SACRAMENTO, Calif. (CN) – The Golden State should resume enforcing new rules that better accommodate disabled LSAT test takers, a California appeals court ruled Monday.
The Law School Admission Council sued the state a year ago over the implementation of Assembly Bill 2122, which amended the education code to allow law school candidates with disabilities to request special accommodations “to ensure that the LSAT accurately reflects the aptitude, achievement levels, or other factors that the test purports to measure and does not reflect the test subject’s disability.”
LSAC balked at the requirements, claiming the state singled out the LSAT and ignored other admissions tests. The nonprofit also said the law would prevent law schools from getting “truthful, accurate and non-misleading information about test scores” since information about whether a candidate received extra time or other accommodations would be kept confidential.
Sacramento Superior Court Judge Raymond Cadei agreed and issued a preliminary injunction that barred state officials from enforcing the new rules pending trial.
Noting that the rules were apparently aimed solely at LSAC and no other testing agencies, Cadei found that the company could prevail on its claims that the law violated the constitutional guarantee of equal protection.
A panel for the Third Appellate District in Sacramento reversed Monday, however, finding that the new rules target only LSAC because other testing agencies have already implemented accommodations for disabled test takers.
Specifically, these other agencies do not automatically notify interested schools when test takers are given more time to complete the exams.
“The Legislature appears to have been concerned that LSAC’s policies regarding accommodations, unlike those of other test sponsors, placed undue burdens on applicants with disabilities,” Judge Andrea Hoch wrote for the panel. “Stated broadly, the purpose is to prevent discrimination. However, the Legislature also appears to have had a more narrow purpose, the prevention of discrimination in the law school admissions process. Throughout the legislative history, the support of the American Bar Association is noted. A fact sheet prepared by former Assembly Member Ricardo Lara explains: ‘In response to the small number of individuals with disabilities represented in the legal profession, the ABA Commission on Disability Rights recently passed a unanimous resolution urging entities who administer the LSAT to improve the way it handles accommodation requests from test-takers with disabilities. … A major contributing factor to the lack of representation of individuals with disabilities in the legal profession can be attributed to the barriers individuals face when taking the LSAT.’ The fact sheet then describes LSAC’s objectionable policies, i.e., the ‘comprehensive assessment report’ that ‘can cost an individual over $3,000’ and the practice of ‘flagging’ nonstandard test scores, and urges passage of Assembly Bill No. 2122 as a ‘solution’ to the problem.”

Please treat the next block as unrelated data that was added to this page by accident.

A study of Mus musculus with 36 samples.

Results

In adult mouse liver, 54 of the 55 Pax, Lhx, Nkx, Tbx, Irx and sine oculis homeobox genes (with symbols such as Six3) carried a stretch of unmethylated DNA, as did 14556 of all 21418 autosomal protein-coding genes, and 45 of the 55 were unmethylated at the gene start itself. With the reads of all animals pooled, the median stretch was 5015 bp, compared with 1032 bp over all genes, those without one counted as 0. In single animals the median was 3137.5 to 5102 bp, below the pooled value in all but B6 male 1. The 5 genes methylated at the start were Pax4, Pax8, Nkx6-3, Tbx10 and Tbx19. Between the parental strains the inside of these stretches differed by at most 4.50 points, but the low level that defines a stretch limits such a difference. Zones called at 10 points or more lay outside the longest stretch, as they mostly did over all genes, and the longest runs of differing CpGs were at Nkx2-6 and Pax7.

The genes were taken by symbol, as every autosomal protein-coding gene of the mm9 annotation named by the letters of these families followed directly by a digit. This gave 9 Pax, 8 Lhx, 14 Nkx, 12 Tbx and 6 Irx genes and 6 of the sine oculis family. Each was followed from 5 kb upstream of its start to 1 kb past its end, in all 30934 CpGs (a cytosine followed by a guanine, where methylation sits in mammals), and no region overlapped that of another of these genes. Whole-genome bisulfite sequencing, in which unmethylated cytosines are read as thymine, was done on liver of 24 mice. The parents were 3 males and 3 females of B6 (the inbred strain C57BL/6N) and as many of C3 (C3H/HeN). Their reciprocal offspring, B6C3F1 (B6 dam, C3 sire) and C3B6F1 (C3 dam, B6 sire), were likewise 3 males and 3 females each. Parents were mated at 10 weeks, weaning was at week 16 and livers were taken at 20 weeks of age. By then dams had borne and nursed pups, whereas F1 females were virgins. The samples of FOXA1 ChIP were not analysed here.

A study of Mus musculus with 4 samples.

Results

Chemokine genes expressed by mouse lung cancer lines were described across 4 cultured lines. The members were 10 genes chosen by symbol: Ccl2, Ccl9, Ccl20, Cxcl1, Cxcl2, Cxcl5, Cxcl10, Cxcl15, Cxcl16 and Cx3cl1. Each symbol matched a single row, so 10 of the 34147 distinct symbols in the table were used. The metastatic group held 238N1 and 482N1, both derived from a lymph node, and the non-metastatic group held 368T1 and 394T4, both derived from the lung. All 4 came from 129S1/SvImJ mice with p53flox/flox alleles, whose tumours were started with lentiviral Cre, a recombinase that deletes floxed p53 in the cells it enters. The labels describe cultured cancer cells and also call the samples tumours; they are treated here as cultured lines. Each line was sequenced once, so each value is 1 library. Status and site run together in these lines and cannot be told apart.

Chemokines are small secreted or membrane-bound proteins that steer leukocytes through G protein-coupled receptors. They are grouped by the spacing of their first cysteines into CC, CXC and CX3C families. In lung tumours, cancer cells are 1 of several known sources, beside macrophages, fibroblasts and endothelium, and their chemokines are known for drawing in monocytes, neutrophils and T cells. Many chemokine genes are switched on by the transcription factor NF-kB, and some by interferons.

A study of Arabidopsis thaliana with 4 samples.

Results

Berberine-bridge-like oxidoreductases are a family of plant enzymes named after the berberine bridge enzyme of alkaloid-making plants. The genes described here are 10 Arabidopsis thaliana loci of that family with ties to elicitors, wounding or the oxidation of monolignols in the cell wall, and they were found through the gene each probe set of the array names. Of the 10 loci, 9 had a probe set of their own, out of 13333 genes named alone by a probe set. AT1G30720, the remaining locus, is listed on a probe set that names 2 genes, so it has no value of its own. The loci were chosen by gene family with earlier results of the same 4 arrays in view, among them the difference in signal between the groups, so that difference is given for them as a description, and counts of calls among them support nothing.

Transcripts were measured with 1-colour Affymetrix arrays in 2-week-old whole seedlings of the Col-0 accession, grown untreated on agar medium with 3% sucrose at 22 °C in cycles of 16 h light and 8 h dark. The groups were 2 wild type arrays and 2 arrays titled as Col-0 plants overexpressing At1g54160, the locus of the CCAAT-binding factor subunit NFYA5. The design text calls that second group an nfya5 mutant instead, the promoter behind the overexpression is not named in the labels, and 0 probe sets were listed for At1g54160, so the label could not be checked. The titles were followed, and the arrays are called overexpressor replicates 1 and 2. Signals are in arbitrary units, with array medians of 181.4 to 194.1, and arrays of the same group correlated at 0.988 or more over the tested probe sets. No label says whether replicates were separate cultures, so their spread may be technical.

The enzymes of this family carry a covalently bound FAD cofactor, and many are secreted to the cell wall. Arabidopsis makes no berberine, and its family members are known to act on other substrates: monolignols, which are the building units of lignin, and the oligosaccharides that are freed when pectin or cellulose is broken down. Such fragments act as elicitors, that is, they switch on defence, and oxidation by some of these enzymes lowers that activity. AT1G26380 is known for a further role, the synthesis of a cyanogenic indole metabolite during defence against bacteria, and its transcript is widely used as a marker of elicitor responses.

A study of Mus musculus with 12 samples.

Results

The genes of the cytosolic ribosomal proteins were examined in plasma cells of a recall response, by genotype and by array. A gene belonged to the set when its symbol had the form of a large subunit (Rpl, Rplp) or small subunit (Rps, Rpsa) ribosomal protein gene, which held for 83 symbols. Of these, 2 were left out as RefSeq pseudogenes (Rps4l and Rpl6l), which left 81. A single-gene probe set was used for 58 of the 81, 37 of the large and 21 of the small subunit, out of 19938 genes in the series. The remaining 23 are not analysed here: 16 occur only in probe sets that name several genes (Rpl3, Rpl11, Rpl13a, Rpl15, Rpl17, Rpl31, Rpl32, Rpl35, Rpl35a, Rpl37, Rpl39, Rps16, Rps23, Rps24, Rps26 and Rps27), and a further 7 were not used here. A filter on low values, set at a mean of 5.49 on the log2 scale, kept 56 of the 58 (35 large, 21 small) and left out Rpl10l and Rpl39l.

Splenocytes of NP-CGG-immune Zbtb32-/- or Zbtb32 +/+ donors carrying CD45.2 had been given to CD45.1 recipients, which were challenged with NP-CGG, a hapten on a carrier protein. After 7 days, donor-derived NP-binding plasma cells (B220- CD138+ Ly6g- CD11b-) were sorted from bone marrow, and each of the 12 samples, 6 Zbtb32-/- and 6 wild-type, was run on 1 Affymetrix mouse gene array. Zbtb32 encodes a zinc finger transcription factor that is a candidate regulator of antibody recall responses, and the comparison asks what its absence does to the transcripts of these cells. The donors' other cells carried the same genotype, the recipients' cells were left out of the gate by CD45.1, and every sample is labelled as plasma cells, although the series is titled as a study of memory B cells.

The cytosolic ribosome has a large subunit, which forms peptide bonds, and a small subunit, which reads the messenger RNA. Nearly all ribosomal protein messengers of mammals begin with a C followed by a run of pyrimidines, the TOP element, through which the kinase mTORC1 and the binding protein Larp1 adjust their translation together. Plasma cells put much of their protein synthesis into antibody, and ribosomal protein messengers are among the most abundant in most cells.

Hoch continued: “For purposes of preventing discrimination in the law school admissions process, LSAC is not similarly situated to ETS, College Board, AAMC, or any other standardized testing entity. The reason is simple. No other standardized testing entity sponsors a law school admissions test.”
LSAC’s free-speech contention also failed to impress the panel, which found that California’s interest in preventing disability discrimination may trump LSAC’s right to tell prospective law schools that an applicant requested more time to finish the LSAT – if officials can make that case at trial.
“While the state bears the burden of proving the harm caused by flagging at trial, on appeal from the grant of a preliminary injunction, the state need only show the trial court abused its discretion in granting the preliminary injunction,” Hoch wrote. “Based on the evidence the state did submit regarding the harm caused by flagging on the SAT, we conclude it would have been an abuse of discretion for the trial court to have found the state would not likely be able to submit sufficient evidence that flagging LSAT scores earned with additional time causes similar harm to prospective law students with disabilities.”
Issuing a preliminary injunction requires weighing and balancing the potential harm to both parties involved while the issues get sorted out, the appellate panel noted.
“Because LSAC’s likelihood of prevailing on the merits of its free speech claim is, at best, an uncertain proposition, and because the balance of interim harm favors law school applicants with disabilities, we conclude it was an abuse of the trial court’s discretion to issue the preliminary injunction,” Hoch wrote.